This is in response to this post:
I'm not exactly a linear thinker, so it's hard for me to boil subjects like this down into a concise format. That's why I haven't written as much on this topic.
But in place of the perfect article that properly tells the narrative, here is a total brain dump. You can stop reading now if you don't want a non-typo-checked list of random thoughts in random orders. Also, this mostly addresses the time period when it really was just me. That is no longer the case. I have a couple great co-founders and we have an awesome little team.
- I needed a personal project where I got full creative agency to solve problems I cared about.
- I thought I had some good perspectives on what sucked about software development and its ecosystem and culture. Early on I addressed this mostly through satire, but I never thought that was the best I could do. Additionally, comedy is a distressing artform, especially in this era of un-credited republication.
- I conceived of the project while my startup company was in somewhat of an endless death march towards relevancy. We could only focus on short-sighted goals, and while we were growing, I needed the opposite project in my life. I explicitly told myself I'd work on this even if it took ten years to become important to the world. This let me be patient and clever early on.
- Things didn't totally work out with it being the kind of personal project I could garden over a decade. It was growing in scope and also getting big faster than I had anticipated. One thing lead to another and we found some funding to go full-time on it. It is now a startup. It's not that "peaceful ten year side project" anymore, but it is much more longterm-focused than the other projects I'd been involved with.
- Among the things I felt sucked that I could try to address over time:
- Software is about spreading ideas and working together and the current ecosystem is all over the place.
- "Outsiders" in software are treated poorly. I wanted to help make the culture less "insiders only", and help connect folks that might otherwise not come together.
- Many website were pretty sucky. Blogs got outdated and Medium was cool but hardly seemed like something directly addressing software developers in the long run. We are just an edge case there and on most platforms, but we fucking make the computers, the web, and everything in between, we can do a lot better for ourselves.
- And many many more sucky things. But PS, it's also an awesome industry and I love it so much. That's what makes these problems worth trying to solve.
- The web has so much yet-to-be-tapped potential in its most basic format of delivering a page with words on it. I wanted to make a website that would load quickly on most devices and network conditions. I thought that if we could care a lot about this most basic use-case, we could augment a lot of people's work which might otherwise be strewn across the web and get outdated quickly. We can take on the load of maintaining a good website for a lot of folks. And we could just do it "right". You can't pitch a VC on the idea of "good website people will like", but I had a feeling it could work.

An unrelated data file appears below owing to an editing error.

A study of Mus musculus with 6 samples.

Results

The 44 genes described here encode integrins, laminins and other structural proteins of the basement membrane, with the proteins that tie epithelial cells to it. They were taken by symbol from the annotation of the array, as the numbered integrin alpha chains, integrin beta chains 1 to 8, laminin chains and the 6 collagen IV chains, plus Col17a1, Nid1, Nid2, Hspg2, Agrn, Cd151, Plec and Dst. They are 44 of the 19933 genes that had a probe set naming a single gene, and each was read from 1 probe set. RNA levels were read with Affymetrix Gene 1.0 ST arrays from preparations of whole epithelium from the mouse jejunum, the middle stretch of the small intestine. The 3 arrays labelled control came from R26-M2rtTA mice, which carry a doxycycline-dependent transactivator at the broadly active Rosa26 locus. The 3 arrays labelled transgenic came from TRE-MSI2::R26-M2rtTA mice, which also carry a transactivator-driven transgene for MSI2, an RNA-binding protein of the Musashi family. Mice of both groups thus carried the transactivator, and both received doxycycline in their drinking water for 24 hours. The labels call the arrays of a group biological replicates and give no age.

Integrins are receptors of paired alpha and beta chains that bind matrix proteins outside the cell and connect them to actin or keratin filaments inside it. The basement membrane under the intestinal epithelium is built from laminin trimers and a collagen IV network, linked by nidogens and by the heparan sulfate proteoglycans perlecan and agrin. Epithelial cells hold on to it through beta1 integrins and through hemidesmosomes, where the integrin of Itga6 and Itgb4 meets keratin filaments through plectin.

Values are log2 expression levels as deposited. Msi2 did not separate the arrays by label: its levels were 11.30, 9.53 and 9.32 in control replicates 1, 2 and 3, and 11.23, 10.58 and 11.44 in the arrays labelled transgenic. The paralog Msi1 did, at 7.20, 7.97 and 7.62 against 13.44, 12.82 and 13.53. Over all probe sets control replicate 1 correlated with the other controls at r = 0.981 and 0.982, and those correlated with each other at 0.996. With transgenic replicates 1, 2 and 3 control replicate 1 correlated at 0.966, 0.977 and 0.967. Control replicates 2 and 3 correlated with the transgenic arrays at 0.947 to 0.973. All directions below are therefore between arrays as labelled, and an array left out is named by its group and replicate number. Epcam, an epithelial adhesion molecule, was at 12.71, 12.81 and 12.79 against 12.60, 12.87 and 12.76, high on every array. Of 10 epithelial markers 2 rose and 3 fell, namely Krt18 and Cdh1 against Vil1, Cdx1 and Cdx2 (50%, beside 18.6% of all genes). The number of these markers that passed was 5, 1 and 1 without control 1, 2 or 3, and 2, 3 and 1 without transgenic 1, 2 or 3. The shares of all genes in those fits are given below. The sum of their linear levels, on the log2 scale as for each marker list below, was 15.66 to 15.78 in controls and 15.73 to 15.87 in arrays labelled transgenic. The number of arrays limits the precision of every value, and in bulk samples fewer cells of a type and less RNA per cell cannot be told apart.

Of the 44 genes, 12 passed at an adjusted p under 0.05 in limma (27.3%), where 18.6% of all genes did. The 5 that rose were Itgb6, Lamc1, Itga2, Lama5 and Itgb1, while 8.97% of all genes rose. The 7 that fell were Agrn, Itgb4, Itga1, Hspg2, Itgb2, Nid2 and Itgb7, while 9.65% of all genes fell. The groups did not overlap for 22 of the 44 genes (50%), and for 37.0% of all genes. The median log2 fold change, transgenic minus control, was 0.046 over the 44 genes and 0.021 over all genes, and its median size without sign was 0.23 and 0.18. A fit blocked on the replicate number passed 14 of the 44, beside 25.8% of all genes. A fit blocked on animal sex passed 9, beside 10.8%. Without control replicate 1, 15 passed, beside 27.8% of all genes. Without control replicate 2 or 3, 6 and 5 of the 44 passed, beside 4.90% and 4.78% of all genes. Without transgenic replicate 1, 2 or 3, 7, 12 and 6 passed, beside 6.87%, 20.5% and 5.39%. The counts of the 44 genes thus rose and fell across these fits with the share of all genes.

- I had made so many different versions of communities, platforms, etc. The general type of thing dev.to was. This was my attempt at doing one that would last.
- I was working with Node at the time and wanted to get back to some Rails work. A site like dev.to is the perfect project.
- One piece of advice I heard about a decade ago when I was first seriously getting into entrepreneurialism was that it's a good idea to start with the basic boring barely-more-than-a-clone of other things and then build from there. Everybody is expecting the "pitch for the future" right at the beginning. Frankly it's silly. I always had a vision of the future, but I mostly wanted the future come to me. By just diving in and building anything, we've learned along the way.
- I believe this thing could be a thousand times bigger than it is today and address all sorts of worldly concerns. I'm pretty confident we'll get there but it seemed silly to try and describe what that might look like. We have principles about how things might be, and all we can really do is promise to act on those principles when we encounter circumstances we didn't predict.
- Reddit, Hacker News, Twitter, and basically all social platforms are hazardous wastelands with a few nice parts poking out the top. You have very little recourse against the whims of the platforms and they have shown they don't care all that much about harassment or protecting their most vulnerable citizens. We can't address every possible issue, but I didn't want to sit back and not try. I figured a project which fundamentally cared about these things from day one was an innovation in and of itself.
- There are plenty of folks who do care a lot about this stuff and we have absolutely tapped them for support and guidance. I felt like where I could fit in is combining values with a growth strategy and engineering. Basically I'm a generalist with some good specific experience, and I knew I could be helpful. We all want to work on things that are important in ways we can be most helpful.
Here's a much more concise post with some advice based on what has worked:
In the upcoming year or so we plan to grow and really follow through on things that we think we could be great at, but are still just ideas.